Salvage commenced soon afterward and lasted for several years. Nearly half of the vast treasure (at least the registered part) was recovered and kept in a nearby storehouse. In 1716, a flotilla of British freebooters under Henry Jennings raided the storehouse and carried off some 350,000 pesos of the treasure to Jamaica. The Spaniards, however, resumed operations until they could salvage no more and quit in 1719.The rest of the treasure remained on the ocean floor until our time. Modern salvage on the 1715 Fleet began in the late 1950s, when local resident Kip Wagner found a piece of eight on the beach after a hurricane and decided to pursue the source.
With the help of a 1774 chart and an army-surplus metal detector, he located the original Spanish salvage camp and unearthed coins and artifacts. Then, using a rented airplane to spot the underwater wreck site from the air and check the location again by boat, Kip found the source of the coins and soon formed a team of divers and associates backed by a salvage permit from the State of Florida. All of this took place over a period of years before it evolved into the Real Eight Company, whose ranks later included such luminaries as Robert Marx and the flamboyant Mel Fisher. The Fisher family still sub-leases the sites to hopeful salvagers today. The vast treasures yielded by the 1715 Fleet in our time fall into nearly every category, from coins to jewelry, precious stones to cannons, religious artifacts to Chinese porcelains.
The 1715 Fleet remains the worlds largest source for New World gold cobs, while the silver cobs recovered number in the hundreds of thousands. Promotions of the coins by Real Eight and others have spanned the decades, in addition to significant auctions by Henry Christensen (1964); Parke-Bernet Galleries (1967)and Sotheby Parke Bernet (1973); the Schulman Coin and Mint (1972 and 1974);Bowers and Ruddy Galleries (1977); and even the U. Despite a wealth of publications pertaining to the 1715 Fleet with names of the ships and the known locations of some of the wrecks, there is no universal agreement as to the identity of the vessel at each wrecksite. As a result, salvagers over the decades have resorted to nicknames for the sites based on landmarks, local individuals, and even features from the wrecks themselves, such as (from north to south): Pines (Sebastian), Cabin (Wabasso), Cannon (Wabasso), Corrigans (Vero Beach), Rio Mar (Vero Beach), Sandy Point (Vero Beach), Wedge (Fort Pierce), and Colored Beach (Fort Pierce). Is the world's premier specialist in the colonial coinage of Spanish America, shipwreck coins and artifacts of all nations.In addition to our Online Store, we sell coins and artifacts at various numismatic shows around the nation. All items are guaranteed authentic. (9) Any reproduction of the text and/or images in this listing in whole or in part is strictly prohibited without the express permission of Daniel Frank Sedwick, LLC. (International Association of Professional Numismatists) membership accepted June 22, 2010. (American Numismatic Association) member #1114440, member since 1981.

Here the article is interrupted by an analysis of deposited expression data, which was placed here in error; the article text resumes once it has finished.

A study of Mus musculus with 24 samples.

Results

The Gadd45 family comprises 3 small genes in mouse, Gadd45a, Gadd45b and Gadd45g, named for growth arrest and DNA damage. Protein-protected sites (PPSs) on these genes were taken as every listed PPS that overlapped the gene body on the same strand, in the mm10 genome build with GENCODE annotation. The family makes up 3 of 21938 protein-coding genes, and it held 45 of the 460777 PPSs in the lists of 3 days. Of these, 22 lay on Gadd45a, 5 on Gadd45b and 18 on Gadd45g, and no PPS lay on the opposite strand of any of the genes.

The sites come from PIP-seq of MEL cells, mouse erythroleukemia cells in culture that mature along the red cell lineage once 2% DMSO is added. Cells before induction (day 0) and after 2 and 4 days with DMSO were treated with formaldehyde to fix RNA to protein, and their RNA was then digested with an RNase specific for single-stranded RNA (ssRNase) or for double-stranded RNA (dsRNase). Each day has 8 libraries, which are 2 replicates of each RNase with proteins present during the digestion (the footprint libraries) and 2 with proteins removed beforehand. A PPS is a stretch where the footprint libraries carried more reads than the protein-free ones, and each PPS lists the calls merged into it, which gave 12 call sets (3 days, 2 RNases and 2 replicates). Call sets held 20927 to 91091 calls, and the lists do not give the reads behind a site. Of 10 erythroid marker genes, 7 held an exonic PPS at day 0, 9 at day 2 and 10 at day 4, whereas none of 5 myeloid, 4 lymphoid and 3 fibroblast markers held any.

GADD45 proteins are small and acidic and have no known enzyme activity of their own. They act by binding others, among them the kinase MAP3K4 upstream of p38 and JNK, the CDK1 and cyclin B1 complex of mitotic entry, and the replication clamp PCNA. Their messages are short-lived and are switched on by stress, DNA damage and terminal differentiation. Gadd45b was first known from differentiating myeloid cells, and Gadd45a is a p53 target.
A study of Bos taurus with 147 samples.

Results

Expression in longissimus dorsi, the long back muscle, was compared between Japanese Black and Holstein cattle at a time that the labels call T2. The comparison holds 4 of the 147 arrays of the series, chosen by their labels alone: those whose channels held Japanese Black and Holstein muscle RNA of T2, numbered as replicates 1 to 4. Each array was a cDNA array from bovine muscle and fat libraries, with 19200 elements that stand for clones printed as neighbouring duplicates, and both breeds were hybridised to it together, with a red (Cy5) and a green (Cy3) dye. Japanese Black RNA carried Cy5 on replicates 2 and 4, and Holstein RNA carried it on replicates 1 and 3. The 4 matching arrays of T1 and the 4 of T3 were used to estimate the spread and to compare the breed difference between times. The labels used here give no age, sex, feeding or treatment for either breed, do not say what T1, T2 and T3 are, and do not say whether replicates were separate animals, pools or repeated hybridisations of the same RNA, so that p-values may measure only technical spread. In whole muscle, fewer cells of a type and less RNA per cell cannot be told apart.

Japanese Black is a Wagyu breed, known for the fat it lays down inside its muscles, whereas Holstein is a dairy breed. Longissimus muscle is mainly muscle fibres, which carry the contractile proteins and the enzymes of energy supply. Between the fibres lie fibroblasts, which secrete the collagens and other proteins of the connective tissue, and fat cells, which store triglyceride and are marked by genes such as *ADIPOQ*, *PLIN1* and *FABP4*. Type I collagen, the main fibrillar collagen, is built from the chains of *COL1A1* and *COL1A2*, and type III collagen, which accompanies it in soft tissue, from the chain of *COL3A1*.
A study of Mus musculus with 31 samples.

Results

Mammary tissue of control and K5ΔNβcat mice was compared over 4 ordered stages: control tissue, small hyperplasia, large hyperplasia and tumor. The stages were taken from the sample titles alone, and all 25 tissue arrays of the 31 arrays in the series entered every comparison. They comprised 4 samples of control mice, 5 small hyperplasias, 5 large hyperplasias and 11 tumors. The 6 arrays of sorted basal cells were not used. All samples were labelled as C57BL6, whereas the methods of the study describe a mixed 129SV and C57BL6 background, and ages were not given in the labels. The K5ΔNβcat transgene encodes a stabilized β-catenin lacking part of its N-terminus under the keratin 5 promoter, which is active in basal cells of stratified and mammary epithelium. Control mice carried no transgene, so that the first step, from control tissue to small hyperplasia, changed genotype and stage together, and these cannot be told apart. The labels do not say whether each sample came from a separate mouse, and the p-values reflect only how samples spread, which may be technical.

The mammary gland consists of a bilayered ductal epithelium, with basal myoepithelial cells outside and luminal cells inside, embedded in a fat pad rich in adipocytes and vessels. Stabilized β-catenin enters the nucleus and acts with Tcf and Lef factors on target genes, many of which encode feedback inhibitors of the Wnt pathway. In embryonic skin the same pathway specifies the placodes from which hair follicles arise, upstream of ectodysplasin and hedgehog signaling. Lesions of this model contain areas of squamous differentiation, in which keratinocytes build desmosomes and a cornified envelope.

(Asociación Numismática Española) members #6511. (Florida United Numismatists) member #9104 member since 1981. (Professional Coin Grading Service) authorized dealer #734250. (Numismatic Guaranty Corporation) authorized dealer #2700. R #AU3635, AB2592 (since 2007).
The item "Mexico City Silver Cob 8 Reales Philip V 1715 Fleet Shipwreck Fisher Tag & COA" is in sale since Wednesday, November 28, 2018. This item is in the category "Coins & Paper Money\Coins\ World\North & Central America\Mexico\Colonial (up to 1821)". The seller is "sedwickcoins" and is located in Winter Park, Florida. This item can be shipped to United States.